Tuesday, July 27, 2010

Brown angel

Now that I have both electricity AND internet access, I'm posting this story from last Christmastime.

“Where did you get this?” I asked in astonishment. I held the small brown felt angel in both hands, my heart pounding. The label read “Artist Proof Studio, South Africa,” an enormous distance in time and space from my temporary seaside home in the Marshall Islands.

“At the craft fair on Kwajalein,” replied my Marshallese friend, puzzled at my reaction to the Christmas ornament she had given me.

I became acquainted with Artist Proof Studio in 2003 through the cofounder, Kim Berman, who came from South Africa to Brandeis for an Ethics Center institute on peacebuilding through the arts. Other artists at the Brandeis institute included Playback Theater actors from New Zealand, employing the Playback method of improv theater, in which audience members tell stories from their lives and actors perform them on the spot. Kim took the storyteller’s chair in one of the institute sessions and, summoning enormous courage, spoke in measured tones through raw grief. She told of losing her partner and her lifework when the Artist Proof Studio burned down with her partner inside, just three weeks before. As the actors re-enacted her story, I could almost smell the charred flesh, the burning linocuts, the melting metal printmaking press.

A few years later, one of the undergraduate Ethics Center Student Fellows was an intern with the School of Playback Theater in New York. I attended the final performance, this time taking the storyteller’s chair myself. I told of my Playback experience at Brandeis, when I sat in the audience as actors told Kim’s story. Then I watched my student Will take the part of Kim as he acted out my story: Playback actors re-enacting a story about Playback.

Over time, four other Student Fellows went to live with Kim in South Africa, most as interns in the rebuilt Artist Proof Studio, one working with AIDS orphans in the Art Therapy Centre.

I thought I left all that behind in 2009 when I took a yearlong leave of absence from Brandeis and traveled to the Marshall Islands to teach English. But when I sat in the equatorial December heat and unwrapped the Christmas present from my Marshallese friend, I found a xeroxed typed card inside a plastic sleeve: “Artist Proof Studio products are sewn and embroidered by groups of women in communities directly affected by HIV/AIDS. Your purchase supports these women in their struggle against HIV/AIDS.” Behind it was a stuffed felt angel, orange beads shimmering on its wings.

Artist Proof Studio, South Africa.
Brandeis University, Massachusetts.
School of Playback Theater, New York.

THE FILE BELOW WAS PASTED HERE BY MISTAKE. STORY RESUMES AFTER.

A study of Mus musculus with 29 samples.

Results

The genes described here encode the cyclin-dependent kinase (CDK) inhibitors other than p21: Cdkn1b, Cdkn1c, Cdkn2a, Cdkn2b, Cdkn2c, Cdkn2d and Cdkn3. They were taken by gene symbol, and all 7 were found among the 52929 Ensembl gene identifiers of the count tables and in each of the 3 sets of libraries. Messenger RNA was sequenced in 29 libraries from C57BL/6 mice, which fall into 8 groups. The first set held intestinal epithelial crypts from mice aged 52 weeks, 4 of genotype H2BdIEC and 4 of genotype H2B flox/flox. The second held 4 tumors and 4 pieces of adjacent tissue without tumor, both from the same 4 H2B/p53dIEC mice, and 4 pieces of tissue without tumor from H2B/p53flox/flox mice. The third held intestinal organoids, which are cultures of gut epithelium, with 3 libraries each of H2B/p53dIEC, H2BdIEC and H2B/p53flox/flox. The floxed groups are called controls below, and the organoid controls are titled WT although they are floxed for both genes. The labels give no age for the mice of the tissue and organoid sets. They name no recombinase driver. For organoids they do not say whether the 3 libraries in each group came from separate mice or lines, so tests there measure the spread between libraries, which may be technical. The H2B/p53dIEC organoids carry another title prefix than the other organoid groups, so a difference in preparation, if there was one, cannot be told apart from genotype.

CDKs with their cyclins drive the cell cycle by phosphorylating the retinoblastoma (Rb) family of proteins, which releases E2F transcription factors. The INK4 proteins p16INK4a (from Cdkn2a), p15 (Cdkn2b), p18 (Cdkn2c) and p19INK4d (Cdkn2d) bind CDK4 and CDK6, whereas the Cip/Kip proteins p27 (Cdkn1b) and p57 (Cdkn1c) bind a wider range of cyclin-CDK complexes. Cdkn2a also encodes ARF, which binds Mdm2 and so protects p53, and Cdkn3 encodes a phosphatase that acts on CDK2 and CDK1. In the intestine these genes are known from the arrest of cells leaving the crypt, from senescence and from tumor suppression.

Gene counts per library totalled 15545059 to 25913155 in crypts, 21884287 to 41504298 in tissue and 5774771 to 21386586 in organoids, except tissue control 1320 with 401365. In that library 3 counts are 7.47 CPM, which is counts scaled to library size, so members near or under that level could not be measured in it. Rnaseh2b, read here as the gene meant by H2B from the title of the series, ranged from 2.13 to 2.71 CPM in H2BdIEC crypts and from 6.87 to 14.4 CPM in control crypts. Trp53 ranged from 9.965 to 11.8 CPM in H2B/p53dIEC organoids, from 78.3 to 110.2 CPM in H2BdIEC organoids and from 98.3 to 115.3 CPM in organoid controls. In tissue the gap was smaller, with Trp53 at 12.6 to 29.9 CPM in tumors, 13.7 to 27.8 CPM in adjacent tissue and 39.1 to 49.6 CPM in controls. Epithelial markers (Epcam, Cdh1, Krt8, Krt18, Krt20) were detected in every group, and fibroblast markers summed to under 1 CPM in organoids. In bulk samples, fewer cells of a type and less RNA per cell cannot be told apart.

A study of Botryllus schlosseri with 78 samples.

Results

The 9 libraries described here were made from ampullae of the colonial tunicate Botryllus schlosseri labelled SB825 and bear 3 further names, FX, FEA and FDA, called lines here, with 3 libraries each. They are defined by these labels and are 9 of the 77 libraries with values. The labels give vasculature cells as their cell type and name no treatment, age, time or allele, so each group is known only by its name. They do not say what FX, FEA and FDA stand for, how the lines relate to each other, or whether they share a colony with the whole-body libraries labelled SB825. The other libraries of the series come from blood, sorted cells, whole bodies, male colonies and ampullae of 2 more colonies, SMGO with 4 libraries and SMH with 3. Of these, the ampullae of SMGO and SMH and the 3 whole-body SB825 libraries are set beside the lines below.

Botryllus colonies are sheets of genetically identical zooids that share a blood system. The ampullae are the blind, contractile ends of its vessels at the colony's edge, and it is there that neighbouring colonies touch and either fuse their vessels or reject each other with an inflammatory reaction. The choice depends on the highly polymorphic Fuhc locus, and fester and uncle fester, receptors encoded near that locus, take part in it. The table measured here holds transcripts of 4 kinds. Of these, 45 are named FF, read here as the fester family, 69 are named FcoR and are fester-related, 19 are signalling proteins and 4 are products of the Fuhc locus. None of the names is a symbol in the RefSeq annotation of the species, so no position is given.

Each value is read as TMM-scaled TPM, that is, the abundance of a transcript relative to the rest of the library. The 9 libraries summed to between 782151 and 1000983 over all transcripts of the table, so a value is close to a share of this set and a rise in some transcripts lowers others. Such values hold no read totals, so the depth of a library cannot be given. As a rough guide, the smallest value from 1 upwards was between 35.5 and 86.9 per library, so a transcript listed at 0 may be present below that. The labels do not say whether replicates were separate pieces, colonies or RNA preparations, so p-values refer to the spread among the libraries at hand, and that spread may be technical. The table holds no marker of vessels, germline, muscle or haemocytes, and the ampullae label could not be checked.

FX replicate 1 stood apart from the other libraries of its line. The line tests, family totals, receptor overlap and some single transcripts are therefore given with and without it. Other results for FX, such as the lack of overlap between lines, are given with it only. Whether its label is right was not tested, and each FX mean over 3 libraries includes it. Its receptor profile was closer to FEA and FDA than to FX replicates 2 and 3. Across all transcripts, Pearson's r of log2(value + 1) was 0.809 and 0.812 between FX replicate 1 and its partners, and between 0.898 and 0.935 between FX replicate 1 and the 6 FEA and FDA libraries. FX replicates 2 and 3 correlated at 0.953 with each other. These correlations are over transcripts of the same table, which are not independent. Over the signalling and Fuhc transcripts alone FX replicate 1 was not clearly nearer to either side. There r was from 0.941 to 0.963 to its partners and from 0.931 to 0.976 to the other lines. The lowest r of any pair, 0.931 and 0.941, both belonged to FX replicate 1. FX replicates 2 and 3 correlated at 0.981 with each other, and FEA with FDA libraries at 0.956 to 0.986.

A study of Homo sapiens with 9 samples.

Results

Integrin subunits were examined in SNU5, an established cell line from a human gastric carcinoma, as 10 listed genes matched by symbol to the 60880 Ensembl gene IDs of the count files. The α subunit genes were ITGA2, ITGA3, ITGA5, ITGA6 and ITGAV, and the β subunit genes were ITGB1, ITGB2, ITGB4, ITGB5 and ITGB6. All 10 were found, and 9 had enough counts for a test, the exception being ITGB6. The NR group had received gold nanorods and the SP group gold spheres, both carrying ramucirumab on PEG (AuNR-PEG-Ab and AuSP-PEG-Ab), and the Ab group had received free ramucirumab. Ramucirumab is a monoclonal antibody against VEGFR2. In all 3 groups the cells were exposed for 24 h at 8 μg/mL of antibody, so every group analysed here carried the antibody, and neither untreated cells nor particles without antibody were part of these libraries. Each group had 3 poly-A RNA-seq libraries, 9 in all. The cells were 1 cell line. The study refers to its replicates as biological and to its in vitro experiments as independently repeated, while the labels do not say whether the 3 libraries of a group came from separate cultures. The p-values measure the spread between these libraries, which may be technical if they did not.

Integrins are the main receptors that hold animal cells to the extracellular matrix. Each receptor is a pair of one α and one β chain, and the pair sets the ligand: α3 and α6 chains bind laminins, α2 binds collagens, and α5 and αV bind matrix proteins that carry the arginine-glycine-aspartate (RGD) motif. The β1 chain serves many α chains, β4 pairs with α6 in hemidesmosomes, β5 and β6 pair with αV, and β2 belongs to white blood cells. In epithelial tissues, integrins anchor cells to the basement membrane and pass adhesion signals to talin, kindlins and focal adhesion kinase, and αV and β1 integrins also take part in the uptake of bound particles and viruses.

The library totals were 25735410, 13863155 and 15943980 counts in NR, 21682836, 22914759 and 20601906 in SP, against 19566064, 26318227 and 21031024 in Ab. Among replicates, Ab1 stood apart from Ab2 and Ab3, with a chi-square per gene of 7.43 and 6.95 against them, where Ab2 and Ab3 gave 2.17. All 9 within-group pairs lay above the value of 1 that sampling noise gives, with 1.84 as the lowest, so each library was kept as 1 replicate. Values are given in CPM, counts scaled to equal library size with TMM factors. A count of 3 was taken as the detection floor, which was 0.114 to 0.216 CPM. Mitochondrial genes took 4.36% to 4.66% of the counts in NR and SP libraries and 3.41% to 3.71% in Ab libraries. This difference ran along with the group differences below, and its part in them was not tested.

Kwajalein Atoll High School, Marshall Islands.

All connected through a brown angel.

Tuesday, July 6, 2010

Marci’s Marshall Islands Weight-Loss Plan

(Yes, I'm home -- with technology access at last, so I can post the last couple of stories written during my year in the Marshall Islands.)

This blog posting is dedicated to my colleague and friend Leigh Swigart, who taught me that a long walk is nothing to be annoyed about. Start putting one foot in front of the other, relax and enjoy the scenery. (Thanks to Liz Wellen for the photo)

I’m coming home 20 pounds lighter than when I arrived. (Well, make that 23 pounds as of the last time I veered close to a scale.) Losing the weight was completely painless. In fact, I wasn’t even sure whether I was gaining or losing weight under those shapeless mumus, in the absence of calibrator clothes (you know, that outfit that tells you when you’ve put on a few pounds). I’ve been eating anything I wanted, with appropriate doses of chocolate therapy PRN (as needed). I’ve remained outrageously healthy. The pounds just fell off.

You too can lose weight effortlessly! Here’s my weight-loss plan in 5 easy steps.

1. Move to a country where you don’t trust the food. One might say that Marshall Islanders are not as fastidious as I am about keeping hot food hot and cold food cold. My own kitchen is unnervingly buggy, so I don’t feel all that comfortable with my own cooking either. When you don’t quite trust what you’re eating, it’s real easy to eat less.

2. Get a job where you’re on your feet from 9:30 a.m. – 3:30 p.m. Take aim at those 7 rows of chairs: pace up and down, then back and forth in front of the sauna-like tropical classroom for 6 hours a day. No snacks allowed, or students will want you to share. (There’s 150 of them.)

3. Make sure your workplace is five islands away from the closest town. Add unreliable transportation at limited times. That means that the surest way to get to church, the post office, or the grocery store is to walk the 6 miles one way. I can usually hitchhike into town (it’s very safe here) but then I walk home (at first not by my own choice, but once I saw I could do it, I did it purposefully). The 6 miles takes me about two hours, including water breaks and pauses to pick up shells on the causeway and admire the ocean. I walk it religiously every Sunday (pun intended). Believe it or not, that glorious weekly walk is what I’ll miss most here, with the tropical sun shimmering on the lagoon waves on one side of the causeway and the sparkling ocean surf on the other. Add a heavy backpack for a perfect workout. Stuff the backpack with plenty of water to drink and all your groceries and/or Sunday School teaching materials. That weekly hike is in addition to my ½ hour morning walks, which I’ve done for many years as my fitness plan.

4. Minimize eating out. It’s not hard to do with only one supermarket lunch counter and one restaurant (Filipino – yum!), both of which are located that 6 mile hike away.

5. Drastically reduce the number of party and dinner invitations you receive. And for the parties and dinners you do attend, see rule #1 above.

Yes, my friends, it boils down to: exercise more, eat less.